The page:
That’s right, you heard the headline correctly. It’s “New Music Wednesday” here at the LFTI blog!
Thank you! You’re too kind. No, please. Take your seat. Thank you. Thank you.
Okay, are you done celebrating yet?
Now I’m starting to feel as if your overzealous adulation is just patronizing. But if you assure me it’s not…
All right, now lets get to the music! But, if I might, I’d like to elucidate on today’s musical offering in the most pretentious way possible.
Yes, I might.
Today’s selection comes from the “hit” LFTI Short “Appreciation.” The official title is “Los Angeles Variations on Appreciation.” The name of which I have just this second christened it as a purely pretentious irony, noting that the musical theme does not actually vary during the piece.
Please take a second to start the playback, and then read the following critical analysis as intellectual accompaniment to this musical experience:
Los Angeles Variations on Appreciation: A Study.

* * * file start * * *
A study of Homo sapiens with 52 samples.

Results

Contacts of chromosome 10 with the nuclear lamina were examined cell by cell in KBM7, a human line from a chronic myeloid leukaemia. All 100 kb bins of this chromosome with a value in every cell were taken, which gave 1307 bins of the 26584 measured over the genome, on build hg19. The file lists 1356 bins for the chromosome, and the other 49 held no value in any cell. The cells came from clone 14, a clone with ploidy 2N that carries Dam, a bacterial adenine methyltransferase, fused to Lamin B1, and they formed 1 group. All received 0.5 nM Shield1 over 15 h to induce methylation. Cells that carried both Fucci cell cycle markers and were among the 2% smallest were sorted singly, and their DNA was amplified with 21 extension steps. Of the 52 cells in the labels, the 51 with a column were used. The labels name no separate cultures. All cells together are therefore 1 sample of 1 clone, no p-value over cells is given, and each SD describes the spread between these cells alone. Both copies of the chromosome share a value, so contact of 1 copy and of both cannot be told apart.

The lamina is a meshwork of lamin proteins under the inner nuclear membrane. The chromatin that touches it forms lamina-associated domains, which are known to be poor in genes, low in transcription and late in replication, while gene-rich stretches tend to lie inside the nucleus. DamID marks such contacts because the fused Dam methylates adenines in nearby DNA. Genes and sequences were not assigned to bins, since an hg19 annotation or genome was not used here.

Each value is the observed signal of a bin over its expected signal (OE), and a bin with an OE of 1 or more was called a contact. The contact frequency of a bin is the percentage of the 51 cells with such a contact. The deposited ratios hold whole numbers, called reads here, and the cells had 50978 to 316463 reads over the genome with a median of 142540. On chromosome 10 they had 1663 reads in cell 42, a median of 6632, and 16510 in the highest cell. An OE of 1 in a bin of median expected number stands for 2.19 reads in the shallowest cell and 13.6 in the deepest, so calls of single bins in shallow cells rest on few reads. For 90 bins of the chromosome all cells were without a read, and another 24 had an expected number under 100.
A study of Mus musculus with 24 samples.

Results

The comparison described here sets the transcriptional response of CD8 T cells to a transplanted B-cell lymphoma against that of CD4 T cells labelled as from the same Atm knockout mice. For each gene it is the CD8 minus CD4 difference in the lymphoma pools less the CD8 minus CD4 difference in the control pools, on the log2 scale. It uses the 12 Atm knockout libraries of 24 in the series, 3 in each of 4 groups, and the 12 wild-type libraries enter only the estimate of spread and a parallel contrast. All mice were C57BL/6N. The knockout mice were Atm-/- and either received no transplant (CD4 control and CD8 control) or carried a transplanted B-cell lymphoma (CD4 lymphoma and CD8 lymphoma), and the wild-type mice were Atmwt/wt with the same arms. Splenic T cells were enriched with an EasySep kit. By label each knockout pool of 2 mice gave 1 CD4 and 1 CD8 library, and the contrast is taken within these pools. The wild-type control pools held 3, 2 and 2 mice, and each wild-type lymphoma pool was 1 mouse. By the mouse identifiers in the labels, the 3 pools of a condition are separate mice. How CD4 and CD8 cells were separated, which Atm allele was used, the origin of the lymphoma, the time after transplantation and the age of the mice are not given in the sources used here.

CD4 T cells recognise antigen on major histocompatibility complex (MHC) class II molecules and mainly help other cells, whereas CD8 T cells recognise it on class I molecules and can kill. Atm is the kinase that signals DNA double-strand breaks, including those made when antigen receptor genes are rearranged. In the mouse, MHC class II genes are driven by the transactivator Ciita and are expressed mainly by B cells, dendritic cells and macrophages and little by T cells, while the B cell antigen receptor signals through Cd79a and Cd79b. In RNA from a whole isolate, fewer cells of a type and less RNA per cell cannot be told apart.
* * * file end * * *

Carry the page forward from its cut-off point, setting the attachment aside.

A lone clave marks time, preamble to a subtly nuanced piece that makes use of traditional as well as non-traditional instruments. The formality of the string instruments and heartiness of the brass contradict the ukulele, vocalized “la-las” and whistling, serving as a commentary on the duplicity of Los Angeles itself.
The steady, relentless repetitive rhythm, bass and heavy horns lay a solid foundation for the more whimsical melody, invoking the monotony of LA city life that underscores the dreamlike flights of fancy of its inhabitants. Pizzicato strings rise to great heights only to do so again – with the same ending note – only four beats later, maintaining an almost cruel equilibrium. All of which is played up even more in the return to the “A” section where the plucked strings are counterpointed by falling trumpets repeating the low brass.
This ebb and flow leads to the dreamlike “B” section with virtually no perceptible build whatsoever. The melody of the chorus floats lightly above the already-established underscore before being awaken by the simple piano montuno from the opening and returning to the more familiar theme of the “A” section.
Copious use of glissando harp evokes the mystical namesakes of Los Angeles as the entire piece deconstructs to its inevitable end.
…And you have probably stopped reading this by now, haven’t you?
I don’t blame you. Did you at least listen to the tune? I hope so. I had a lot of fun working on it.
And thus concludes “New Music Wednesday.” Tune in next time when Spiderman says *mwahm*.
(I apologize for those of you who are foreign fans and did now watch the Electric Company. That last sentence probably made no sense whatsoever.)